2012-10-21

Nailings

Comedian George Carlin – a muse to whom I often turn – said back in 1972:
“You can buy anything in this country. Anything you can think of! You can probably buy a left nostril inhaler if you look around long enough. With your state motto on it. Glows in the dark -- anything, man. If you nail together two things that have never been nailed together before, some [body] will buy it from you.”
Call it American innovation if you’re looking for a positive spin. Call it American hucksterism if you want to be a less positive.

Peanut butter and jelly – slapping together two things that had never been put together before. It’s a combination you will rarely find anywhere outside America.

Convenience stores with fast food chains inside them – nailing together things that hadn’t been nailed together before. Stop in and get gas, whatever that might mean to you.

The smart phone is basically the result of taking a cell phone, and nailing lots of other things to it. I can’t wait until it’s also my garage door opener, my TV remote control, and an electric razor. Is there an ap for that? I don’t know what’s taking them so long.

This country’s origins as a nation-state involved two kinds of Europeans coming over here. Pilgrims and puritans came here seeking a place to build the city of god. Then there were a lot of other Europeans that arrived on these shores because the British, French, and other colonial empires were using North America as a penal colony, often under the guise of indentured servitude. They were shipping their undesirables here. In the 18th-century, 50,000 British convicts were sent to colonial America.

The two main strands that formed American culture were the churchy types who liked rules and the criminal types who really didn’t get along with rules. We’re a nation created from nailing together two very different things.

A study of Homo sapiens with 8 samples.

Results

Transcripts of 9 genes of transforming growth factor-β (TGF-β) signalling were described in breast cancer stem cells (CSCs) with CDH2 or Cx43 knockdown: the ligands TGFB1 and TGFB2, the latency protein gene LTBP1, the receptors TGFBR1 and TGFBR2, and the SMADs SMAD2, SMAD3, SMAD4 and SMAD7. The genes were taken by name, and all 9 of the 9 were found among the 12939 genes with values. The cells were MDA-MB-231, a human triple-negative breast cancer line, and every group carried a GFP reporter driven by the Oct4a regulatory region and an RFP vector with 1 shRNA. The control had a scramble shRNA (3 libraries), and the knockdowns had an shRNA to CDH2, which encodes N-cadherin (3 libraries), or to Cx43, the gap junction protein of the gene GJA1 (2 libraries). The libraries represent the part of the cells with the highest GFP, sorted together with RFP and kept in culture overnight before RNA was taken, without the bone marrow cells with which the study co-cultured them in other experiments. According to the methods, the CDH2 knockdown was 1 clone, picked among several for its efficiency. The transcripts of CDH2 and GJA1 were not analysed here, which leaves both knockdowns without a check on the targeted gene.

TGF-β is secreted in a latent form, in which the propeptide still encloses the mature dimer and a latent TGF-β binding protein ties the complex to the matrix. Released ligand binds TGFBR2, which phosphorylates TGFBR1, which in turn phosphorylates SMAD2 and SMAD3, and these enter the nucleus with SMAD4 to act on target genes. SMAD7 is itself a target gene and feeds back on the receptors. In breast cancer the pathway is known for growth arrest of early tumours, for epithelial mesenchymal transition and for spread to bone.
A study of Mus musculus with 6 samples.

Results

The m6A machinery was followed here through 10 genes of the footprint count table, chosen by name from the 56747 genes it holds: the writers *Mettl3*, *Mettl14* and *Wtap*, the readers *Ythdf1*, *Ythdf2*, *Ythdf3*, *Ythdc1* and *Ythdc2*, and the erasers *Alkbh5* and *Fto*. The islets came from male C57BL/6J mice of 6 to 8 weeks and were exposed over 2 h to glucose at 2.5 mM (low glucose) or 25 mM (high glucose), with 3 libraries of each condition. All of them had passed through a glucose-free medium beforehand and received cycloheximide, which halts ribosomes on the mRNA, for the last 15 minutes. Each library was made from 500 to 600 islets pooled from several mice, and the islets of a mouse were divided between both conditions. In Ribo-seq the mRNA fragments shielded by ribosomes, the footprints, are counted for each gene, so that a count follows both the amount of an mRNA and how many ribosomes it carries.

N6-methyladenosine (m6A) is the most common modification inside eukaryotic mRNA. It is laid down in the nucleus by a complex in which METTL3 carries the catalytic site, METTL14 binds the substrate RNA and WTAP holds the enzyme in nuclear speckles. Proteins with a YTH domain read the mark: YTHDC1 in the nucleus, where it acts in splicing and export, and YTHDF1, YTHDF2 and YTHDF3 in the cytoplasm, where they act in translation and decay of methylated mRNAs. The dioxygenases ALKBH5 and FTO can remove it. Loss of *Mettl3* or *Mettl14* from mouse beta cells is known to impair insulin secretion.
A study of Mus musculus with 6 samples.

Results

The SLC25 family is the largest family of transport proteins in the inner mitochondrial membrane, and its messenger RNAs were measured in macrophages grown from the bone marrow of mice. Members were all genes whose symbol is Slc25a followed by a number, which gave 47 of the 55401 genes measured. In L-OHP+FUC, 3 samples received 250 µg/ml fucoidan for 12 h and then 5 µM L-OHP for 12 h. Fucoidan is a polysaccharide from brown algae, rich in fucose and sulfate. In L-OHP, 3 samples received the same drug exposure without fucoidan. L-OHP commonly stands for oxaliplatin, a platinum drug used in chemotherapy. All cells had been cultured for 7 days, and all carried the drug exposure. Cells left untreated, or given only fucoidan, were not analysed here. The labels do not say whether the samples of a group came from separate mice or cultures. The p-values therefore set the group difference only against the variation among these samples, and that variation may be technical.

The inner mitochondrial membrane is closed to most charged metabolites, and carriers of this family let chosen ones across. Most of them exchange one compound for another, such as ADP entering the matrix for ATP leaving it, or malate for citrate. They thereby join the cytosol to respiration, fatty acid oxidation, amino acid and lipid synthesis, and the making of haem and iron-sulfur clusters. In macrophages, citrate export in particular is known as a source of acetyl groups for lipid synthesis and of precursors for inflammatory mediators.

When other religions began arriving here in notable numbers in the 20th-century, they, too, found themselves culturally nailed to things they had not been nailed to before. When Islam met the African American culture of the 1930s, the Nation of Islam was born. When a few Japanese Zen masters met the Beatnik and Hippie US culture of the 1960s, American Zen, culturally very different from Asian Zen, was born. And so on.

Do Unitarian Universalists also nail together things that are generally regarded as very different? Boy, howdy! "Syncretism running completely amok," we've been called.

How about these two: Punk rock and Islam. Surely those haven't been nailed together? They have!

There have been Muslim Punk bands since at least 1979, in fact. Punk Islam turned into a movement with the 2003 novel, The Taqwacores by Michael Muhammad Knight.

Michael Knight was born in 1977 in West Virginia, his father a Pentecostal and his mother Irish Catholic. When Michael was age 2, his mother took him and fled from Michael’s mentally ill and abusive father. Knight’s first exposure to Islam came when he was 13 and heard about Malcolm X in the lyrics of the hip-hop band, Public Enemy. He started reading more about Malcolm X, and about Islam, converted to Islam, and, at age 17, went to Pakistan to study Islam at Faisal Mosque. Now named Michael Muhammad Knight, he spent several years in Pakistan.

He grew gradually disillusioned with orthodox Islam. After returning to the US, he wrote The Taqwacores -- a novel about a group of Muslim punk-rockers living in Buffalo, New York, Michael Muhammad Knight imagined the book as his "good-bye," to Islam. In the novel, the narrator, Yusef, draws parallels between Islam and punk:
“I stopped trying to define punk around the same time I stopped trying to define Islam. They aren’t so far removed as you’d think. Both began in tremendous bursts of truth and vitality but seem to have lost something along the way – the energy, perhaps, that comes with knowing the world has never seen such positive force and fury and never would again. Both have suffered from sell-outs and hypocrites, but also from true believers whose devotion had crippled their creative drive. Both are viewed by outsiders as unified, cohesive communities when nothing can be further from the truth.”
Next: Part 2: "Yeah, But What Type of Punk Muslim?"